The Pentagon plans to repeal a ban on transgender service members. This comes five years after ending the US military's ban on gays and puts to rest a long and complicated debate over the last year.
The move comes in the same week the US Army formally welcomed its new secretary, Eric Fanning (above), the first openly gay leader of a military service branch in US history.
The Pentagon's existing policy considers transgender people to be sexual deviants, allowing the military to discharge them.
The specifics of the repeal are still under review, but reports suggest an announcement will come by the end of next month or possibly sooner.
"Nothing has been set in stone on this," one official told the "USA Today" newspaper.
In May, the Pentagon's new acting personnel chief, Peter Levine, said that it would likely take "months, but not large numbers of months" to finalize details.
A US official said some elements of the repeal would come into effect straight away, although the plan will also direct each branch of the armed services toward implementing new policies from recruiting to housing for transgender troops.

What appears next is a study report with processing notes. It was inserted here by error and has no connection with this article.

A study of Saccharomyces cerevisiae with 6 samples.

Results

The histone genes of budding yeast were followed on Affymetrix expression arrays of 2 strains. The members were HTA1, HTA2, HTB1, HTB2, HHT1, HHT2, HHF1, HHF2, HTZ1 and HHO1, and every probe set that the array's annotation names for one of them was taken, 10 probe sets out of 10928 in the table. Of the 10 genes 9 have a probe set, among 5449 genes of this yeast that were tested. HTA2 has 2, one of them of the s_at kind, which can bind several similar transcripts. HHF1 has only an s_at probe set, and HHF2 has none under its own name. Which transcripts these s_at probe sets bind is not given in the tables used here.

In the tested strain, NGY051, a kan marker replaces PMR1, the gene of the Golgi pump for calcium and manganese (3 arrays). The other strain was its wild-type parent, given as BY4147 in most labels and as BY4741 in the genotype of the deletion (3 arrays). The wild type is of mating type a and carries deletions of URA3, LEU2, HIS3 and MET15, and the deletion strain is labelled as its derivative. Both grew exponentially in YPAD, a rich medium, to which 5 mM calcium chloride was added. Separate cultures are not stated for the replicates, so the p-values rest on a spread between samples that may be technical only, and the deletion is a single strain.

Not all happy
Not all policymakers were happy with the move. Republican Representative Mac Thornberry, chairman of the House of Representatives Armed Services Committee, suggested that Defense Secretary Ash Carter had not answered the panel's questions, including questions about "readiness challenges" for transgender service members.
"If reports are correct, I believe Secretary Carter has put the political agenda of a departing administration ahead of the military's readiness crisis," Thornberry said in a statement.
"Our transgender service members and their families are breathing a huge sigh of relief," Ashley Broadway-Mack, president of the American Military Partner Association, said in a statement.
The National Center for Transgender Equality estimated last year that 15,000 trans people served in the US military.